Human beings are naturally competitive. Whether they will admit it or not, most people love to win. Of course the opposite side of this is most people hate to lose. For this reason, consumers tend to act more swiftly when they think they’re going to miss out on something. This can be used to instill a sense of urgency to motivate shoppers.
Better buy it now, there are only two left in stock! This deal is for today only, if you wait and come back tomorrow, the price will be higher. We don’t hold merchandise; it’s first come first served. If you wait, it will likely be gone at this price. All of our items are one of a kind; if you see it and you like it, you’d better buy it, because this is the only one we’re likely to ever have.
All of these phrases create a sense of scarcity in the mind of the customer. If they really want the item, but were of a mind to procrastinate on the purchase, these statements are likely to move them to make the purchase immediately because they don’t want to miss out — they don’t want to lose. Here, it should be noted this principle only applies when the customer actually has a desire for the product. Scarcity has no bearing on the sales of steaming hot skunk juice—OK? Nobody wants it, so it doesn’t matter how little of it there is.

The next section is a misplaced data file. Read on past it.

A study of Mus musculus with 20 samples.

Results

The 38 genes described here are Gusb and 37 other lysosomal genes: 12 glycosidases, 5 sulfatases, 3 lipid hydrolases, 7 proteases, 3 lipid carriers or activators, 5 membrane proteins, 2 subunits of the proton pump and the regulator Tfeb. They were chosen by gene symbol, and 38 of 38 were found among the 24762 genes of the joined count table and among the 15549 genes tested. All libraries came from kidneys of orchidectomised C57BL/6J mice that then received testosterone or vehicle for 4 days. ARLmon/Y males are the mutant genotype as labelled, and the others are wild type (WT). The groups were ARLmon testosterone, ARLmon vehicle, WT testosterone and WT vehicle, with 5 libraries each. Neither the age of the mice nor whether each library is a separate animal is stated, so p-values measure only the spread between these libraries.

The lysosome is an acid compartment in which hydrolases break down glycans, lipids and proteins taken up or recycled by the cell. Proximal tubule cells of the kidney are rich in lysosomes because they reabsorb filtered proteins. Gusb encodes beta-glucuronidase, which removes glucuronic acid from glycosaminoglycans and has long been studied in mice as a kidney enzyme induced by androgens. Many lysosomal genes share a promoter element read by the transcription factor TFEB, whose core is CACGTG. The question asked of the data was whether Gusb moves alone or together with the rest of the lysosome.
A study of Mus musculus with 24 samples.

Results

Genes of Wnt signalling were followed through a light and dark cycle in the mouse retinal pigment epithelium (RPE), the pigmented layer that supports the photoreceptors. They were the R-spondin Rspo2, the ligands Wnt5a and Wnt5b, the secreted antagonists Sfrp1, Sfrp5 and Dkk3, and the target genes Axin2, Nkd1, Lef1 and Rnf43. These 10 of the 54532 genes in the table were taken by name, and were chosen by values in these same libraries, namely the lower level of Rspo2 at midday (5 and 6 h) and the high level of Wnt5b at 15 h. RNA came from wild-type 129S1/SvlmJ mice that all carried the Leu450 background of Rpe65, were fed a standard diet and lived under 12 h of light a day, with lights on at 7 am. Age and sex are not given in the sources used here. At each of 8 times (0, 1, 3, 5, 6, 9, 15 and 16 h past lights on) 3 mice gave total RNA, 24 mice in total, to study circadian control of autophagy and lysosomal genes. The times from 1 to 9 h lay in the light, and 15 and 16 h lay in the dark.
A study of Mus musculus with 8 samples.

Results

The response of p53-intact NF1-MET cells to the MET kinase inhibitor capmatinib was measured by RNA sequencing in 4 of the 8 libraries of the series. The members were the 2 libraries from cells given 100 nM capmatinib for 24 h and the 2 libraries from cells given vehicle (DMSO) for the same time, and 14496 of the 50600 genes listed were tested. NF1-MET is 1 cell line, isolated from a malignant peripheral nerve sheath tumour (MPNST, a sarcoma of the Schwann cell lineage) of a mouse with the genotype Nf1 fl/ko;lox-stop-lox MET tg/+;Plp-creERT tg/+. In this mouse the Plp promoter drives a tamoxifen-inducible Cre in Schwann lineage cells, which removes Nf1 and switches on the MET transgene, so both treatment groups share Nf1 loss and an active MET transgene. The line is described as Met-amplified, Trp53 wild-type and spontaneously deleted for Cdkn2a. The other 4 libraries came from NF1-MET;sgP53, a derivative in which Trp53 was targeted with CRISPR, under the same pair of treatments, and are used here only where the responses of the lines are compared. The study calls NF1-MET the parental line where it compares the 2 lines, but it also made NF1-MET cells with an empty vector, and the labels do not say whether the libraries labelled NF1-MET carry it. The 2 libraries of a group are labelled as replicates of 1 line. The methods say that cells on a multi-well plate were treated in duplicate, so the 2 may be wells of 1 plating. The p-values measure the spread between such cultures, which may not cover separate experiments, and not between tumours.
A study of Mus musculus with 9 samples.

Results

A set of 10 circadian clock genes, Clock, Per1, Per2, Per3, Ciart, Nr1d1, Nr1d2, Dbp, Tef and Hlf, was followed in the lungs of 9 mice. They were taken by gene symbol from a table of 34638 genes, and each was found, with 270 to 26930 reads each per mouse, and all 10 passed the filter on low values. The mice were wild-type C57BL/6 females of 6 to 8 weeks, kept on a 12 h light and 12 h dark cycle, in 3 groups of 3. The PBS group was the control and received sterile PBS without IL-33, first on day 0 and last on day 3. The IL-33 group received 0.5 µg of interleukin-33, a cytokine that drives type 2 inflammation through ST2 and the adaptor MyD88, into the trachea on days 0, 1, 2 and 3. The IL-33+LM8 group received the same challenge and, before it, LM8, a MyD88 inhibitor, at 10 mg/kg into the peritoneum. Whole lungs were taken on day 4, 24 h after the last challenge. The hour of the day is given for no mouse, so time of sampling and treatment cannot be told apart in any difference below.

Buyer procrastination usually stems from the other side of loving to win. In most cases, when someone really wants something, but doesn’t make the decision to purchase, it’s because they’re concerned there may be a better deal out there somewhere and they haven’t run across it yet. They’re actually trying to avoid missing out on that as-yet unidentified better deal.
When you introduce the idea of scarcity, the idea of missing out altogether supersedes the thought of a better deal out there somewhere. The shopper thinks, “I want this thing, they have this thing and they’re telling me I might not get it at all if I don’t buy it now?” The best ecommerce website builders have built-in mechanisms to help you trigger this thought.
Proven ecommerce scarcity tactics include countdown clocks showing when a sale will end; quantity counters showing how few of an item remain; and tallies showing how many other people are viewing a given item at the same moment. This last one also plays into the human desire to belong. If something looks really popular, people believe it must be good because so many other people are considering it too. “How can 20,000,000 Frenchmen all be wrong?” Right?
Now, within all of this manipulation exists a responsibility to be ethical. Lying to customers about the scarcity of an item will come back to bite you. Many people will keep looking around after they’ve made a purchase to reassure themselves they really did get a good deal. If you’ve told them only two of a product are left anywhere in the world and they turn a corner to come face to face with 25 more, you’ve just set yourself up for a return—as well as the loss of that customer’s confidence.
Your goal should always to be to create repeat business. You want to be seen as a trusted merchant to whom shoppers return over and over again. Lie to them once and that bond will be broken forever. The good news is, with these principles, you can be truthful and instill a sense of urgency to motivate shoppers.